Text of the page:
Norwegian oil and gas company Statoil ASA has successfully completed the appraisal of a well in production license 265 (PL265) in the Johan Sverdrup oilfield in the North Sea.
The main objective behind the appraisal of probe 16/2-14 was to determine the thickness and quality of Jurassic age sandstone reservoir near the top of the Johan Sverdrup’s structure. Proven in 2010, the Johan Sverdrup discovery is expected to hold recoverable reserves of about 1.8 billion barrels of oil equivalent, as per the Norwegian Petroleum Directorate estimates.
This represents the ninth exploration well in PL265, which came across a 30-meter oil column in Upper Jurassic reservoir rocks and the reservoir quality was also proven to be extremely good and oil saturated. The well was drilled to a vertical depth of 1,960 meters below the sea surface to reach a water depth of 113 meters
The foremost challenge for the reservoir was its mapping owing to the considerable variations in the reservoir properties and thickness.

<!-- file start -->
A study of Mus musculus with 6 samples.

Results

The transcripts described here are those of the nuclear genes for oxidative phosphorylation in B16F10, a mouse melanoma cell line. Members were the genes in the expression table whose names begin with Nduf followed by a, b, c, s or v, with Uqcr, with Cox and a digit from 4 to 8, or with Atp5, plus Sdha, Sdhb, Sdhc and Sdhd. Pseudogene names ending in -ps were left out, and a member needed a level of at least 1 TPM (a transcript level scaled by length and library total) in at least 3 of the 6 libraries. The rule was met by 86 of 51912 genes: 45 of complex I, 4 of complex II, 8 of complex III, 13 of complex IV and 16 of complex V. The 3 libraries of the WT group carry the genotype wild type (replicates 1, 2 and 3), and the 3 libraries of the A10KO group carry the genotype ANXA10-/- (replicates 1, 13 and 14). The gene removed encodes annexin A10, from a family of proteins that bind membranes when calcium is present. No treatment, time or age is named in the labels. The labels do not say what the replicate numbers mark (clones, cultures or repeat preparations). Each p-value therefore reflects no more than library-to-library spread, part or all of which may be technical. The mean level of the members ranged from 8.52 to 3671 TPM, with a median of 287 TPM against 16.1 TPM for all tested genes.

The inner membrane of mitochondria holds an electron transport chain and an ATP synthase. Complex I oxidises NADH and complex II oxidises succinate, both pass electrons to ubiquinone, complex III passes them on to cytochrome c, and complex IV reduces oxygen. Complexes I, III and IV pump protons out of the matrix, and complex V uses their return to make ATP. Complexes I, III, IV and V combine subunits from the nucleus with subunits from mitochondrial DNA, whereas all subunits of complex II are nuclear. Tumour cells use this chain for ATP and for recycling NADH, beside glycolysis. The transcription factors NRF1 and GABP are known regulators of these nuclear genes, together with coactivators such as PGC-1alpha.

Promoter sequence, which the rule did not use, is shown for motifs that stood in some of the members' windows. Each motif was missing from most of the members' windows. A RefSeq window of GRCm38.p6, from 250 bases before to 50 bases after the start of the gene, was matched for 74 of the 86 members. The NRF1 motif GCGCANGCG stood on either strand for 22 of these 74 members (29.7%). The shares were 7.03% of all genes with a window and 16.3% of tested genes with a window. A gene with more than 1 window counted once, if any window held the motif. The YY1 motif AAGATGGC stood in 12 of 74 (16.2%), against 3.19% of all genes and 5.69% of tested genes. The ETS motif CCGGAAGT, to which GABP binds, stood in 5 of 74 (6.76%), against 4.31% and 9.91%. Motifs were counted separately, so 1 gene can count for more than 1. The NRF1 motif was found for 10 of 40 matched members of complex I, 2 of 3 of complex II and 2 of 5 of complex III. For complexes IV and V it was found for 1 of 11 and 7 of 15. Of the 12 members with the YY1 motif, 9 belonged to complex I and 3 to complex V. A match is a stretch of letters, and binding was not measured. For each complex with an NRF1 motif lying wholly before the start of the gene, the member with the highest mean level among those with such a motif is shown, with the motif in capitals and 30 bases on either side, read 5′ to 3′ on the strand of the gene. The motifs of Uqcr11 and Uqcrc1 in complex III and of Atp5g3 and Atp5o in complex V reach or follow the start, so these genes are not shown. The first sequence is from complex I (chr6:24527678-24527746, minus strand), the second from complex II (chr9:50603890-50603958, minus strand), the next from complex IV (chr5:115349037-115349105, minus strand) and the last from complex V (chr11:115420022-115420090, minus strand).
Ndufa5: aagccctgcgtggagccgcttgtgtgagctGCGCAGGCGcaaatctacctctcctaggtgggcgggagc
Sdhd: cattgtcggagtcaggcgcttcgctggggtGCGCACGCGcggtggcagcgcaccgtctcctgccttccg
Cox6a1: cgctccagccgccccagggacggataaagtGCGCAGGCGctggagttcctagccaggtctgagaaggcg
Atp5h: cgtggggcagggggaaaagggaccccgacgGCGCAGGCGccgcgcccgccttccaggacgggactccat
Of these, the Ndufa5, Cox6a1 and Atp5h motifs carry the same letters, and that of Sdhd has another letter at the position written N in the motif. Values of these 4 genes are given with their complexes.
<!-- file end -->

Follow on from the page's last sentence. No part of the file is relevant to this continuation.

Statoil, as the operator of license PL 265, holds a 40% stake, while its partners – Petoro AS, Det norske oljeselskap ASA and Lundin Norway AS – own 30%, 20% and 10% stakes, respectively.
This new appraisal emphasizes Statoil’s belief in the exploration potential of the mature region of Norwegian Continental Shelf (NCS).
We have a favorable outlook on Statoil’s long-term production growth, given the company’s growing upstream presence in the emerging basins of the Barents Sea, West Africa and the deepwater U.S. Gulf of Mexico (GoM). We also believe that the growing share of natural gas in Statoil’s NCS volume mix and its extensive interests in infrastructure assets facilitates a leadership position in the European natural gas market.
Statoil, which recently contracted Schlumberger Limited (SLB - Free Report) for electric wireline logging services on the NCS, carries a Zacks #3 Rank, which translates to a Hold rating for a period of one to three months. Longer term, we maintain a Neutral recommendation on the stock.